Alan Webber grew up in a working class home in Missouri, the son of a camera salesman. He was very fortunate to be part of a loving family, with parents who sacrificed a lot so their kids could have a better life. They were strong believers that education is the pathway to a brighter future, and his father — despite working extremely long hours to provide for his family — dedicated a lot of time to school, including volunteering as head of his children’s PTA.
Alan graduated from Amherst College, and later received an honorary doctorate from Boston Architectural College. Early on, Alan saw the powerful role that government can play in ensuring that each person has the same opportunity for a great education, a meaningful career, affordable health care and a high quality of life.
He was an administrative assistant to the Mayor of Portland, Oregon in the 1970’s, when that city created a strategy for sustainability and livability that people admire today. His work and personal lives came together when, on his first date with Frances, they went door-to-door campaigning for city-county consolidation. They’ve been married for 37 incredible years, and have two wonderful children, Adam and Amanda.
After Portland, Alan served as Special Assistant to the US Secretary of Transportation. Later, in Boston, he worked for Governor Michael Dukakis’ administration and became the managing editor/editorial director of the Harvard Business Review.
There, he interacted with leaders of all kinds — heads of large corporations and non-profit executives, entrepreneurs and global thought-leaders. He had long recognized the role of government in changing people’s lives; at HBR he became increasingly aware of how business influences individual lives — for better or worse.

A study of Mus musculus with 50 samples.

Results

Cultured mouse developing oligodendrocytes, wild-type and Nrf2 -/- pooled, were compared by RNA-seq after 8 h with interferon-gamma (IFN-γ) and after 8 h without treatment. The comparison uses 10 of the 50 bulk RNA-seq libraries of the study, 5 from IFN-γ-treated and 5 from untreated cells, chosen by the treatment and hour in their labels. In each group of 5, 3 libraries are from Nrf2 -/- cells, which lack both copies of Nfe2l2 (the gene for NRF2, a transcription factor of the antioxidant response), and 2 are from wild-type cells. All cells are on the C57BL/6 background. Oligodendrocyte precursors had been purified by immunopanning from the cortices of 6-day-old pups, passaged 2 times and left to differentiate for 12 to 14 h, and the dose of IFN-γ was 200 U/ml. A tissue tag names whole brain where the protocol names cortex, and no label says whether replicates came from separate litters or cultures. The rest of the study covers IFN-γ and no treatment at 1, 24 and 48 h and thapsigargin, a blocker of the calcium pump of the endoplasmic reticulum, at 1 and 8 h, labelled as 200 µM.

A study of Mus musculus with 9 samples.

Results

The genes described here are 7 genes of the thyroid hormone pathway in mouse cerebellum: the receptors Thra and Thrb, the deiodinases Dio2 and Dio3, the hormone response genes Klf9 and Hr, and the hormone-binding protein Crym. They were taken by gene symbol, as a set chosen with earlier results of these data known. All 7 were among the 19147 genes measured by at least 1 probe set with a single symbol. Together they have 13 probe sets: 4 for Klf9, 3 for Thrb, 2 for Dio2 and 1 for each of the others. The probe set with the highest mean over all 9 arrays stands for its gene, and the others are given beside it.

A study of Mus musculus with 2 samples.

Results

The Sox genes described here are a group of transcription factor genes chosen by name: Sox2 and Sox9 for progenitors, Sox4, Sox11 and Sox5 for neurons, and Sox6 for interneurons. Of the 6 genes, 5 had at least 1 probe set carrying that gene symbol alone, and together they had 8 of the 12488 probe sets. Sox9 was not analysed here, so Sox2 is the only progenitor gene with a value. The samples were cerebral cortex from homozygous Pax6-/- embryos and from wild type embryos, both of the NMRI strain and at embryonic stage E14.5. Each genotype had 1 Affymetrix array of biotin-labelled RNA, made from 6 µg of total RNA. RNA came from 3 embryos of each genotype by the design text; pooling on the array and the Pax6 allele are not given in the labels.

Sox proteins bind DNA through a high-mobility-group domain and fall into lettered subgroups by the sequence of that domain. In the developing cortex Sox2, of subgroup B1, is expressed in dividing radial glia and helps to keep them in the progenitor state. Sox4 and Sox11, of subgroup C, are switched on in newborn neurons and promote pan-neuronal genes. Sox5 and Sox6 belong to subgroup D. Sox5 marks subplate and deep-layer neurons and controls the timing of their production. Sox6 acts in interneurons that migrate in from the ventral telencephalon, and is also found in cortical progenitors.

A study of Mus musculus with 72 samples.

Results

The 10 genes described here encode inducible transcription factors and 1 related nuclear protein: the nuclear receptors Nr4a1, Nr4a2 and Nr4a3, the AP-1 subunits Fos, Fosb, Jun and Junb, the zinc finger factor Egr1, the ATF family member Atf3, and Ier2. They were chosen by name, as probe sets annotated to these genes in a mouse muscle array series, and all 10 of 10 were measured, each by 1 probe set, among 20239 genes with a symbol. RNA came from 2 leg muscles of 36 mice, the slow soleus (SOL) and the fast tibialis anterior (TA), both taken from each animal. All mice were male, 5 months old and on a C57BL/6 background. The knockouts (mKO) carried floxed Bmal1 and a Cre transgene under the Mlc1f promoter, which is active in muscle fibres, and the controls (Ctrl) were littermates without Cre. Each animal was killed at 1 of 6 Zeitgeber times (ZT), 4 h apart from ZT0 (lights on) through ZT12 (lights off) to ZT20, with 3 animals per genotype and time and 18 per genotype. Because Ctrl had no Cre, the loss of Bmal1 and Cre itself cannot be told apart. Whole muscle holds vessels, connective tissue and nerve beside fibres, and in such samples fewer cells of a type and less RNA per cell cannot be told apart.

After a 3-month fellowship in Japan, he saw how the world was changing. Global competition, digital technology, demographic changes, and generational shifts were remaking business and careers. With his friend and colleague Bill Taylor, he set out to launch a new magazine that would be the handbook of this new world of work, asking and answering: How can individuals make a difference? How can companies both do well and do good?
It was hard work, and potential investors were understandably skeptical, but they never gave up. Fast Company became the fastest growing business magazine in American history — because people across the country (and then around the world) were hungry for a publication that told them that they mattered, their work lives mattered, and that they could make a difference.
Ultimately, the investors behind Fast Company sold the magazine — enabling him and Frances to move to New Mexico to live the rest of their lives. This is their home, and they love it.
He has since written three books, given speeches on early childhood education, and worked with small businesses, social enterprises, and non-profits to help them grow. His commitment is to contribute to New Mexico and to leave this state in better shape, with more opportunities for more people, than when he moved here.